New laws were passed last week which will give intelligence agencies the ability to access encrypted communications in apps like Wickr or WhatsApp. Over the weekend, a number of tech giants around the world have called out the rushed legislation for having “several critical issues”.
The Access and Assistance Bill will allow authorities to intercept encrypted communications with a warrant to do so. There are a few different ways this can be done, including forcing you to straight-up open your phone for officers, forcing app developers to either hand over data, or force them to build a backdoor into their own software.
While the Labor Party opposed the bill in its current form, it caved on 173 amendments to have the laws passed before Christmas on the condition that it be properly debated in the new year. Of course, the legislation is being sold to the public as a way to “keep Australians safe,” from terrorists and organised crime, Attorney-General Christian Porter said.
A group representing global tech companies Facebook, Google, Amazon, Twitter, and Oath, says the laws have the potential to weaken and harm the data security of users around the world. While authorities need to obtain a warrant to access data, no further judicial oversight is required throughout, which is something the group says is “deeply concerning”.
Greens‘ Senator Jordon Steele-John has also expressed concern over the legislation, calling it “an affront to privacy and democracy”.
“Far from being a ‘national security measure’ this bill will have the unintended consequence of diminishing the online safety, security and privacy of every single Australian,” he said in a tweet.
[1/2] That's that. Debate on the #AAbill will be guillotined at 6pm. I've said my bit. I think I've said most of it on here anyway – the #Greens oppose this dangerous anti- #encryption nonsense in its entirety. It is an affront to privacy and to democracy #Auspol— Senator Jordon Steele-John (@Jordonsteele) December 6, 2018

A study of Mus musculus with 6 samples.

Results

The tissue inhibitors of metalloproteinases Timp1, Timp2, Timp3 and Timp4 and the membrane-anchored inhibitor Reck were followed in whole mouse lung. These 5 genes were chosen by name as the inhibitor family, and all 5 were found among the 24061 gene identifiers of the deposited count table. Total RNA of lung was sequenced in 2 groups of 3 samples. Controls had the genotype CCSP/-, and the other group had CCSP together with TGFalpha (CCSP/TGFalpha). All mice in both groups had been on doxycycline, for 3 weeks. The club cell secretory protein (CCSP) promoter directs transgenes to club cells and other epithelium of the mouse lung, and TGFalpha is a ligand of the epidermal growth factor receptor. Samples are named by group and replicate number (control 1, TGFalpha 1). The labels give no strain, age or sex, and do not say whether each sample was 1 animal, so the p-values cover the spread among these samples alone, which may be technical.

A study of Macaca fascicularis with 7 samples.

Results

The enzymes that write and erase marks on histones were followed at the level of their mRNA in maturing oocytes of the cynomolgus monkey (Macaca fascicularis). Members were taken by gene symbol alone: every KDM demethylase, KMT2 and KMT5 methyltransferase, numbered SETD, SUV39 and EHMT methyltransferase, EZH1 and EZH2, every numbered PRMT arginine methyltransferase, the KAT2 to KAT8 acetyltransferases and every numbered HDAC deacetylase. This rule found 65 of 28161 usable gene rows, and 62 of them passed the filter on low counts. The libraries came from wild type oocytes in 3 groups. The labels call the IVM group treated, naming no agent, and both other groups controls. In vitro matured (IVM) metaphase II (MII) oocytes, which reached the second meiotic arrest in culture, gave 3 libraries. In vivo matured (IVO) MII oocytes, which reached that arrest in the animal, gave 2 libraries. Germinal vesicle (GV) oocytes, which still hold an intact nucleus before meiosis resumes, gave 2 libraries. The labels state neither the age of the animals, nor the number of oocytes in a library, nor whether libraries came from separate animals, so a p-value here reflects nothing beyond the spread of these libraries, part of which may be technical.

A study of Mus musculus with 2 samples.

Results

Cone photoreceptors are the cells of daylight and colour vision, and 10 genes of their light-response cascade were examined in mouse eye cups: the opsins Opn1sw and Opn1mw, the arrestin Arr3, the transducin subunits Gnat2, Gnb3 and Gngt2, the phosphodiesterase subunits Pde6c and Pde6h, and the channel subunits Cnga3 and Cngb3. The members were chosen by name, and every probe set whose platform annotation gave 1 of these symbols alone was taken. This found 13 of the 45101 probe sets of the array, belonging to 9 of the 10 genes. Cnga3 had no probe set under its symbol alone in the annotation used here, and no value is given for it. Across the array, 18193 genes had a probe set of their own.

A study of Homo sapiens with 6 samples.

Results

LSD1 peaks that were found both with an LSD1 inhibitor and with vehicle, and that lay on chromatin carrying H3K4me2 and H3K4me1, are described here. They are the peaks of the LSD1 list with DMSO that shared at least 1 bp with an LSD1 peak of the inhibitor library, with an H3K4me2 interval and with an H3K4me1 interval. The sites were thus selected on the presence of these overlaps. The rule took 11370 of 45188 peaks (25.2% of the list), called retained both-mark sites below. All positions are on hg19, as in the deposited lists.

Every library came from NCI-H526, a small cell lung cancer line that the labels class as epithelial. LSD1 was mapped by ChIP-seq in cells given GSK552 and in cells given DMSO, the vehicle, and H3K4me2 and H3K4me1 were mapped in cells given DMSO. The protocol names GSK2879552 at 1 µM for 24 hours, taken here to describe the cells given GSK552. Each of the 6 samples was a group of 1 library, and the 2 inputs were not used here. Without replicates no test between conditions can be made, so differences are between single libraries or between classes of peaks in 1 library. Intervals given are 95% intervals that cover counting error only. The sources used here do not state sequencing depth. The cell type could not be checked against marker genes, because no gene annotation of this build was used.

Far from being a 'national security measure' this bill will have the unintended consequence of diminishing the online safety, security and privacy of every single Australian #AAbill #encryption #Auspol https://t.co/S3qeTSmOUe— Senator Jordon Steele-John (@Jordonsteele) December 5, 2018
In other words, there are concerns that weakened encryption will make it even easier for criminals to do dodgy shit. Another campaign group known as the Reform Government Surveillance Coalition is urging The Government to make the legislation clearer. The group, which represents Microsoft, Apple, Facebook, Google, Snap, and Twitter, says the laws are “deeply flawed, overly broad, and lacking in adequate independent oversight over the new authorities.”
Like previous data retention legislation, there are concerns the new bill gives authorities too much power with too little judicial oversight, as well as opens the door for more Big Brother-styled policing.
“This new law will dramatically increase the access of intelligence and law enforcement agencies to the private communications of ordinary Australians, with implications for our right to privacy and freedom of expression,” Human Rights Commissioner Edward Santow said, calling for stronger safeguards and independent oversight.
Last month, Apple sent a letter to the Australian Government which argued that the bill would “allow the government to order the makers of smart home speakers to install persistent eavesdropping capabilities into a person’s home, require a provider to monitor the health data of its customers for indications of drug use, or require the development of a tool that can unlock a particular user’s device”.
Opposition Leader Bill Shorten says he’s confident his amendments will be pushed through in February. Hopefully, they provide more safeguards and oversight to the encryption laws.